Posted on May 16, 2014 by Vauxhall Advance

When tragedy strikes, the Taber Community Action & Prevention Society (TCAPS) can be there to help pick up the pieces.

Recently, TCAPS received an annual allotment of funding from the Provincial Government for $46,000 to fund the Taber and Vauxhall Victim Services Unit.

“Over the years, TCAPS has been making applications to the Solicitor General in order to assist us with running our victim services unit,” said Inspector Graham Abela of the Taber Police Service. Abela is president of TCAPS.

Abela explained the Taber and Vauxhall victim services program is run under TCAPS, and is provided funding under the Victims of Crime grant from the Provincial Government on an annual basis.

“They have been for years,” Abela said. He noted TCAPS and the victim services unit has been expanding in recent years to make more help available for those in need of it.

“It’s expanding and growing,” he said. “We have more advocates than ever before.” He added with the increased size of the program the victim services unit would be applying for more grant funding in the future, and that up to $150,000 could be available, should they ever require that amount due to growth.

“We haven’t had a need to have that much of an expenditure yet in our community.”

Charles Hart, manager for the Taber and Vauxhall Victim Services Unit, said the role of the unit is much more encompassing than many people realize.

“A lot of people don’t know we’re assisting with a variety of different things,” he said. “A lot of our work comes from the police, but we (also) respond to sudden deaths, suicides, house fires, and domestic violence. Any trauma-causing events.”

In 2013, the victim services unit helped 650 people who had been victimized by crime or endured a traumatic hardship. Hart said they have 12 volunteers who donate their time so someone is on call to assist the police every hour of every day of the year. He added 650 is a larger number than they’ve seen in previous years, perhaps as a result of more advocates being available to help.

“We usually average somewhere around 100 to 125 people per quarter,” he said.

Hart said the reasons local residents are using the victim services unit is broken down into the following categories and divided up over quarters. For January to March 2014, the victim services unit dealt with the following:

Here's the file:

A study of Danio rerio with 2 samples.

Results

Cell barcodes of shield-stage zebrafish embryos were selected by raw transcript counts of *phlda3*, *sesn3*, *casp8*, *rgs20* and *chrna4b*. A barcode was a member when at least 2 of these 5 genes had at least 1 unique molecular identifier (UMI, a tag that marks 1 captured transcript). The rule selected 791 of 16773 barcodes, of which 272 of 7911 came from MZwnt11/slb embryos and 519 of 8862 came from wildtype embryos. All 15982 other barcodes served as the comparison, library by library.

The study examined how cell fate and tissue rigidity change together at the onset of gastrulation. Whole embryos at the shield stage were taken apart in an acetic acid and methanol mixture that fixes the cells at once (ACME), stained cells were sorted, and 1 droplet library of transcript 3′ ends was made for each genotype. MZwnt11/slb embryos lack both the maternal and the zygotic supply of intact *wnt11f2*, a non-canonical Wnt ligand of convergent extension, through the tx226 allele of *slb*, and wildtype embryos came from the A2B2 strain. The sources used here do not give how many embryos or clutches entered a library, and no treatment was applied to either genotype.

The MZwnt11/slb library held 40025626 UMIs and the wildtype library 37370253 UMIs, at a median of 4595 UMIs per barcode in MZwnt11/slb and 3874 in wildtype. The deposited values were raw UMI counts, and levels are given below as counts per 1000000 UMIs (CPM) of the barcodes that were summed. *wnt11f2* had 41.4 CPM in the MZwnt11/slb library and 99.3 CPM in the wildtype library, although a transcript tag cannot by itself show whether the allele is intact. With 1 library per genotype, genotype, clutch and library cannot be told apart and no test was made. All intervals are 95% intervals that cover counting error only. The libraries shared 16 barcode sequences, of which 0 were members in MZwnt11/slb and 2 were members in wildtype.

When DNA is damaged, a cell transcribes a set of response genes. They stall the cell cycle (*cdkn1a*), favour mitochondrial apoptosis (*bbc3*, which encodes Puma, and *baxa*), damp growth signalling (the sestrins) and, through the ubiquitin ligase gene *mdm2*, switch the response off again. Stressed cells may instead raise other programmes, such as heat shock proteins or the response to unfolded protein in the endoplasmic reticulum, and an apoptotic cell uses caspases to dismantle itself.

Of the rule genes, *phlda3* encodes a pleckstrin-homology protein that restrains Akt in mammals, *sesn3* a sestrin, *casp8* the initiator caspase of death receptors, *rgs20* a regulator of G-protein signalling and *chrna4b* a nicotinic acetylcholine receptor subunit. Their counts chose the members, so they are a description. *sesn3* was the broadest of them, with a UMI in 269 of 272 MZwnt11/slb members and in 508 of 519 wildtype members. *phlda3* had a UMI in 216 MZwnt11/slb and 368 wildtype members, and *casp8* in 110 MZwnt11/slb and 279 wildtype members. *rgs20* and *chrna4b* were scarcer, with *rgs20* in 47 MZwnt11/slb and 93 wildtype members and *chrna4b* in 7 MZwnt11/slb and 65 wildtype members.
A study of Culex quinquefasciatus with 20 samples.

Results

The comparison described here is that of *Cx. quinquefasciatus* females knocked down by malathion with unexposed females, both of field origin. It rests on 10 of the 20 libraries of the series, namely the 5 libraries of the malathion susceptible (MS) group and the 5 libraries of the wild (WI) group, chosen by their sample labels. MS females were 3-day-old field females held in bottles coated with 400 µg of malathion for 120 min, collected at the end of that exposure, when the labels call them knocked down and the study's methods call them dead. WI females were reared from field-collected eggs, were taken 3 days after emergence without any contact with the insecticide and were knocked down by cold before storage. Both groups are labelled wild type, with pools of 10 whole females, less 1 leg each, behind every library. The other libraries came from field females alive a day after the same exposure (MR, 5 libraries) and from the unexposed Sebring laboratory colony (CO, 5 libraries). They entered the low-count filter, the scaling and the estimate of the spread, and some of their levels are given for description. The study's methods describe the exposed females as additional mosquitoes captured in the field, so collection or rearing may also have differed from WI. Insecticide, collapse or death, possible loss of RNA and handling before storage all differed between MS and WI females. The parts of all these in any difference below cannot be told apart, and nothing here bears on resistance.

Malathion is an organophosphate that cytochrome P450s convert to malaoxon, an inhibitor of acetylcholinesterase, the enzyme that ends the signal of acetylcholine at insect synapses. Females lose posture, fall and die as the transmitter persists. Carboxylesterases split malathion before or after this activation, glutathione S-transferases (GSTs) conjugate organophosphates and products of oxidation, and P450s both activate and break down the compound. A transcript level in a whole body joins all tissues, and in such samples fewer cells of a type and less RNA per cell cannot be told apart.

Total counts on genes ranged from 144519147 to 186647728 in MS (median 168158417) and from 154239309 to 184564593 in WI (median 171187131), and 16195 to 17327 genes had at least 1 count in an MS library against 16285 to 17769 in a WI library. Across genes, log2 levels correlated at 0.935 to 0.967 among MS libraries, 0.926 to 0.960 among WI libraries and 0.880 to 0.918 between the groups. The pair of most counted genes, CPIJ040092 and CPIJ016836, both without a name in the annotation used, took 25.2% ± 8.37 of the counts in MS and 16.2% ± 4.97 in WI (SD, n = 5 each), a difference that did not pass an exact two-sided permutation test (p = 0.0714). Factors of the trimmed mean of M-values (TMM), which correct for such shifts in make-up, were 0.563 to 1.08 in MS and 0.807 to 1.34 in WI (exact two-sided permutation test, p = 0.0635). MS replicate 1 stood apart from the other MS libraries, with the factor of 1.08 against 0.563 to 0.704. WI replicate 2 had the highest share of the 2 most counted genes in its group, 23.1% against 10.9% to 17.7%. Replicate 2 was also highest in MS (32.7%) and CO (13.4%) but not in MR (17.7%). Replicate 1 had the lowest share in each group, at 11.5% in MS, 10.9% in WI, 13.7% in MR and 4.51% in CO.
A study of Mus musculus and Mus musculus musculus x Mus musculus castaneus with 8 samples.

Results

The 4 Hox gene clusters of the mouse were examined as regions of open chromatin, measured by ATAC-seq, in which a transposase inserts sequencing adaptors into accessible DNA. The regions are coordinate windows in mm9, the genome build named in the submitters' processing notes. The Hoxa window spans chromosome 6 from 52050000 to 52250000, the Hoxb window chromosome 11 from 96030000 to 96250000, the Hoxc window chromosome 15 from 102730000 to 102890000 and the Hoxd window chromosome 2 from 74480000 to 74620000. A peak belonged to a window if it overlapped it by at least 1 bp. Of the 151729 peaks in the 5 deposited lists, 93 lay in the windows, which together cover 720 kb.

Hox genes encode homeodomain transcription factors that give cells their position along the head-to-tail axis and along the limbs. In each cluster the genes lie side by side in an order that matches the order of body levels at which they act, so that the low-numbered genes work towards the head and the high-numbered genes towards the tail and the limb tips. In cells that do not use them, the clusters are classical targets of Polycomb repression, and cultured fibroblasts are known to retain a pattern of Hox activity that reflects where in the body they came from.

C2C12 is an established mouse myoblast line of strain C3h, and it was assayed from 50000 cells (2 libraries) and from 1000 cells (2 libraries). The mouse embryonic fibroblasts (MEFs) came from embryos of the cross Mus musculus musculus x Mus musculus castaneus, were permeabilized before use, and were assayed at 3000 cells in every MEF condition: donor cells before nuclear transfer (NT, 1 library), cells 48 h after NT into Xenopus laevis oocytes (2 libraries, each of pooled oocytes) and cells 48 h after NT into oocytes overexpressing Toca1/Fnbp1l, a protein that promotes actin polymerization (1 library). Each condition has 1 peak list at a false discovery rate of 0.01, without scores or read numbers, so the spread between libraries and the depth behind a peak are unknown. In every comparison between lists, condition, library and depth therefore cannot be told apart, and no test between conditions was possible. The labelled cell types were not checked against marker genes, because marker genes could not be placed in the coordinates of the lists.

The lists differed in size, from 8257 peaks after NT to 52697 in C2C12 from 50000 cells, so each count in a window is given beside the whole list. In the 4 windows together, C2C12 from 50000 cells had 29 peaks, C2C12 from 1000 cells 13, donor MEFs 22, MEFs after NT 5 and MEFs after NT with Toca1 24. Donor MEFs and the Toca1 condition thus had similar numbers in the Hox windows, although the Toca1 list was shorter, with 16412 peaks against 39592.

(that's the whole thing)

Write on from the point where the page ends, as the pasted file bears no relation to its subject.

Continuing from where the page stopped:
Criminal code (violent), such as homicides, sexual assaults, family violence, and assaults. In the first quarter there were 48 cases;

Criminal code (non-violent), such as theft, fraud, break and enter, trespassing, and mischief. In the first quarter there were 74 cases;

No offense occurred, such as sudden deaths, suicides, house fires, or serious injury. In the first quarter there were 10 cases.

Hart mentioned one anomaly in the classification stems from how common assault (without a weapon) is classified under non-violent.

“To me, that’s kind of an interesting legal classification,” he said. “But that has something to do with the legal statutes and how they classify things.”

Hart said the symbol for the victim services unit is helping hands, an idea which is well represented by the unit.

“You just reach out and try to provide those helping hands that come together and provide strength in a time of need.”

He also mentioned the unit is always in search of more of those helping hands.

“We’re still open and looking for more volunteers,” said Hart. He noted they currently have two volunteers who speak fluent Low German, and one who speaks Spanish. He said the search for volunteers who are fluent in other languages is ongoing.

“We’re always looking for advocates,” said Abela. “If people want to volunteer with victim services, it’s a great opportunity to help the community. They do wonderful work in helping victims of crime.”

Hart highlighted the three main goals of a victim services unit, which includes providing support, providing information, and providing referral services as needed.

“The secret of what we do is we take victims and try to make them survivors,” said Hart. “The key is not to always be a victim but to learn how to regain your own strength and become a survivor.”

“Don’t be afraid to call if you need help.”

Anyone interested in more information on TCAPS or the Taber and Vauxhall Victim Services Unit is encouraged to get in touch with any TPS member or to stop by the TPS station, or call 403-223-8991 and ask for victim services.